Trauma Bullets - December 2019
Case 1: Spinal Shock
- Clinically seen as a physiologic loss of spinal cord function below the level of the injury including flaccid paralysis, anesthesia, loss of bowel/bladder continence, and loss of reflexes. Priapism may be present in males.
- Neurogenic shock is the loss of sympathetic and vasomotor tone resulting in vasodilation, hypotension, and bradycardia.
- Temperature control/diaphoresis below the lesion may be lost, therefore temperature management is key in patients with traumatic spinal cord injuries.
- MAP goals are >85 mmHg in order to maintain cord perfusion
- “C 3, 4, & 5 keeps the diaphragm alive” : Beware of potential respiratory compromise with high cervical injuries. Pulmonary therapy is likely required with high thoracic injuries. An ileus may develop with lower thoracic involvement.
- Evidence regarding the use of glucocorticoids in these patients is limited at best. Animal models have shown a reduction in edema, prevention of intracellular K+ depletion, and improvement of neurologic recovery. The best results were observed within 8 hours of injury. Academic recommendations are split; however methylprednisolone has been associated with increased mortality in patients with moderate to severe traumatic brain injury... thus avoid.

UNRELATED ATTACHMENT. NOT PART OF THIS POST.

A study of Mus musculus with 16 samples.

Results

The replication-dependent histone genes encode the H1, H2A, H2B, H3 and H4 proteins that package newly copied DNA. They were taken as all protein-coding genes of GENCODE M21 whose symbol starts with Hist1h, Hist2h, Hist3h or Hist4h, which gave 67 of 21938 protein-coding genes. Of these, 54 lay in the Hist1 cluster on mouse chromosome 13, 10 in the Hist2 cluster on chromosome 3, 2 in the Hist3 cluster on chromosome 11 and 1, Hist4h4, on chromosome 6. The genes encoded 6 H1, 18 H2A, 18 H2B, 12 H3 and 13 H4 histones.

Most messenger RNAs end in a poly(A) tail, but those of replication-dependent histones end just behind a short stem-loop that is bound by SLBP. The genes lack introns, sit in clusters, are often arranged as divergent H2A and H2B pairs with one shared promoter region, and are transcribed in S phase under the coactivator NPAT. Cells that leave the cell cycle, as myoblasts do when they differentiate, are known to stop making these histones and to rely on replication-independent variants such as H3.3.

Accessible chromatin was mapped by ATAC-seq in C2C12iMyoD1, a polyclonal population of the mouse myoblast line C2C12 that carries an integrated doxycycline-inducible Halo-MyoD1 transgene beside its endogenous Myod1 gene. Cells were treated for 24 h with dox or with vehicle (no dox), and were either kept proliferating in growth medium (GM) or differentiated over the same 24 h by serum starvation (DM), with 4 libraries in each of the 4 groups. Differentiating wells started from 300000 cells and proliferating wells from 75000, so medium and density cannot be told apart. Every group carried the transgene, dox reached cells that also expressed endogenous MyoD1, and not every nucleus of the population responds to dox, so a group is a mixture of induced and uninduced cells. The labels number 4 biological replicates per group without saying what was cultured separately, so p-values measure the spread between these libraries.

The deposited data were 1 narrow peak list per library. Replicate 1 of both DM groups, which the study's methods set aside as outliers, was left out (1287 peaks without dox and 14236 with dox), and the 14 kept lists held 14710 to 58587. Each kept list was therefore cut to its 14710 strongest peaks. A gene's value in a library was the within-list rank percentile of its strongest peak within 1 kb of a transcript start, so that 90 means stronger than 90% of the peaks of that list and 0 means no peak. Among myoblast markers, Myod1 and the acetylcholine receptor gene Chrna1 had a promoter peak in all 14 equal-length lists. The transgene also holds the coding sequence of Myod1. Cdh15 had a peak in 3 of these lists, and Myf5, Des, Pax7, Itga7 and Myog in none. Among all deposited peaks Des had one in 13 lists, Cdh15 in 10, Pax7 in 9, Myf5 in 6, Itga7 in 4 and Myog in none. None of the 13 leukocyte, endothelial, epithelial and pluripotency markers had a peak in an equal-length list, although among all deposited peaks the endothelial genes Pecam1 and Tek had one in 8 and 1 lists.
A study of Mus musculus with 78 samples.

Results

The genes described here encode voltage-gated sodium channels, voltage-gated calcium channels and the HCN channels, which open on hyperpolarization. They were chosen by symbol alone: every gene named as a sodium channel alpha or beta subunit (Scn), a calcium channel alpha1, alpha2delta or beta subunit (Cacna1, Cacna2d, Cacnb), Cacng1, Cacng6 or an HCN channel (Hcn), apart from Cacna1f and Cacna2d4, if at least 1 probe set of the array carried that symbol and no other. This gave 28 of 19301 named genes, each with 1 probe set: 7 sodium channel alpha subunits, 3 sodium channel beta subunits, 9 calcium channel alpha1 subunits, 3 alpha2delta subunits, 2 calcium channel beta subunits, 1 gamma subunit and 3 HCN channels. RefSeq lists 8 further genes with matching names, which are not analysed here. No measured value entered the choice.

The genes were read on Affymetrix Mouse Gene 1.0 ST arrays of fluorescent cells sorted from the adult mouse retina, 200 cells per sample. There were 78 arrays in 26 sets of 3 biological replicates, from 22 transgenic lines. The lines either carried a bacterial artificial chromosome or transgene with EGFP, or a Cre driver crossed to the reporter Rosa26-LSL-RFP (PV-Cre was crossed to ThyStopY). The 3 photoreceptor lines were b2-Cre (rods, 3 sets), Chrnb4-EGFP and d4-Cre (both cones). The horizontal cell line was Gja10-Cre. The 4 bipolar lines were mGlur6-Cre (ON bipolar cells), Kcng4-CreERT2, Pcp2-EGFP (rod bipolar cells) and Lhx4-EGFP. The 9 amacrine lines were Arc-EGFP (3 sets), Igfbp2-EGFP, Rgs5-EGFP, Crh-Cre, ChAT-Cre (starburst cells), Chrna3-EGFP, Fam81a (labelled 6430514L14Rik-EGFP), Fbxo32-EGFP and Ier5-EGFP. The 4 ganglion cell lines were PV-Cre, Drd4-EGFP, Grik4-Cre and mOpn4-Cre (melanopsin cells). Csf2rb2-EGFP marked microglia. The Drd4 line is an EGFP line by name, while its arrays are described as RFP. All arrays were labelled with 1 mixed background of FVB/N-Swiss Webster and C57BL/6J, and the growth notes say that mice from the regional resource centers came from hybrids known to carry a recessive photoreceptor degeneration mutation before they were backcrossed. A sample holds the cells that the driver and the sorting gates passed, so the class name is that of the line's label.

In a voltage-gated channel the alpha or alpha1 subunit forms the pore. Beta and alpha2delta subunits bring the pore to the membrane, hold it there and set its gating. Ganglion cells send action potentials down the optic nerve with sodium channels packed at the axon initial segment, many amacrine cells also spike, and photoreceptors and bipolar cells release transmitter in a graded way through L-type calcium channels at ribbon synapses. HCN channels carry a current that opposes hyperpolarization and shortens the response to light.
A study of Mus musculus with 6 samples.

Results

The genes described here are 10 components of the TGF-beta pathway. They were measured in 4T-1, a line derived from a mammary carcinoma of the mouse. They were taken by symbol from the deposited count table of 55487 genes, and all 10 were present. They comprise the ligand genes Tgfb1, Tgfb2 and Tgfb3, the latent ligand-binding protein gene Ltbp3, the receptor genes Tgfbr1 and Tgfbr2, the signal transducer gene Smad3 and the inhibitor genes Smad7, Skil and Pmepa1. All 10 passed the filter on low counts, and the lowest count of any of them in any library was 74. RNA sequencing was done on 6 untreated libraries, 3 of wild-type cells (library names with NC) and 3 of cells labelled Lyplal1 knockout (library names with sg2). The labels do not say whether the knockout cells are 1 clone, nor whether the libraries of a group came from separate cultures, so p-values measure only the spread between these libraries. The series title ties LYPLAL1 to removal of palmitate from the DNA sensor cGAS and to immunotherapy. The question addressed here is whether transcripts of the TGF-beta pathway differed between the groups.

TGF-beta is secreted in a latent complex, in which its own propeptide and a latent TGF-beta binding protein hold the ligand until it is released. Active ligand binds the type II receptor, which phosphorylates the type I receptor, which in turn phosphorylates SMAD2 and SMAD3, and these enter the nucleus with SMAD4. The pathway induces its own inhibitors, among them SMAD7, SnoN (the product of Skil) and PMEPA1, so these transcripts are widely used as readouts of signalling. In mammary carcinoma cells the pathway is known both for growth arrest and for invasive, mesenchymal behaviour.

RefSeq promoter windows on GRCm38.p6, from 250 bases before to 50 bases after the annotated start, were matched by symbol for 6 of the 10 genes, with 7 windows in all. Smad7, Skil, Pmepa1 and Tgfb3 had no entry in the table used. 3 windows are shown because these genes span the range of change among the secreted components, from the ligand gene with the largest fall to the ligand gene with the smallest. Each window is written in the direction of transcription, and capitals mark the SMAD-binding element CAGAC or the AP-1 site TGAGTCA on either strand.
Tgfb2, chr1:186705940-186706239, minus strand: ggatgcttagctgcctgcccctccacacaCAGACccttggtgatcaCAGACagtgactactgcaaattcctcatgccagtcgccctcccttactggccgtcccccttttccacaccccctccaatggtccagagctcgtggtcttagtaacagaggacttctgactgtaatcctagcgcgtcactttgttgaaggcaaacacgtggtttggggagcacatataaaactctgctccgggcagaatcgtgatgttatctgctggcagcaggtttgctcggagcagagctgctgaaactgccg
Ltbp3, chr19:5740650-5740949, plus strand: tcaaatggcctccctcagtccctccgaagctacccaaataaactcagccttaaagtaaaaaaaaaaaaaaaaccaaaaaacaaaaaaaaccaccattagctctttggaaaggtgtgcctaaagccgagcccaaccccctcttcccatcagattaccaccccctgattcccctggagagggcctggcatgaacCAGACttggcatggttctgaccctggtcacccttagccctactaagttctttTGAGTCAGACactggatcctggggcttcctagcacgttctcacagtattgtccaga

Case 2: Arterial Injury Requiring Tourniquet Placement
- Hard signs of arterial injury: (1) Active hemorrhage (2) Expanding or pulsatile hematoma (3) Bruit or thrill over wound (4) Absent distal pulses (5) Extremity ischemia.
- In a study of 366 patients with penetrating trauma, a single ‘hard sign’ was nearly 100% predictive of vascular injury requiring surgical repair.
- Place tourniquets as distal as possible, preferably 5cm proximal to the injury. Always document the time of placement, and avoid placement over a joint.
- If a single tourniquet is ineffective, a second may be placed proximal to first.
- When placing a tourniquet in the field or in a mass-casualty event, write a “T” on the patient’s forehead…(if you are placing a tourniquet you have plenty to write with)
- Blood products take precedence over IVF and should be given in a 1:1:1 ratio of pRBCs, plasma, and platelets.
Case 3: Flank Hematoma and Hypotension Five Days after a Fall
- Trauma is a spectrum ranging from the acute phase of injury to the sequelae that may develop hours to days later. Pay attention to delayed presentations.
- Recall that hepatic patients have the potential to be coagulopathic.
- Trauma patients with preexisting cirrhosis carry as high as a 33% mortality in some studies (compared to 1% in the general population) due to being more coagulopathic.
- Ascites will likely result in a positive FAST exam.
- Beware of medications such as beta blockers which may artificially mask tachycardia.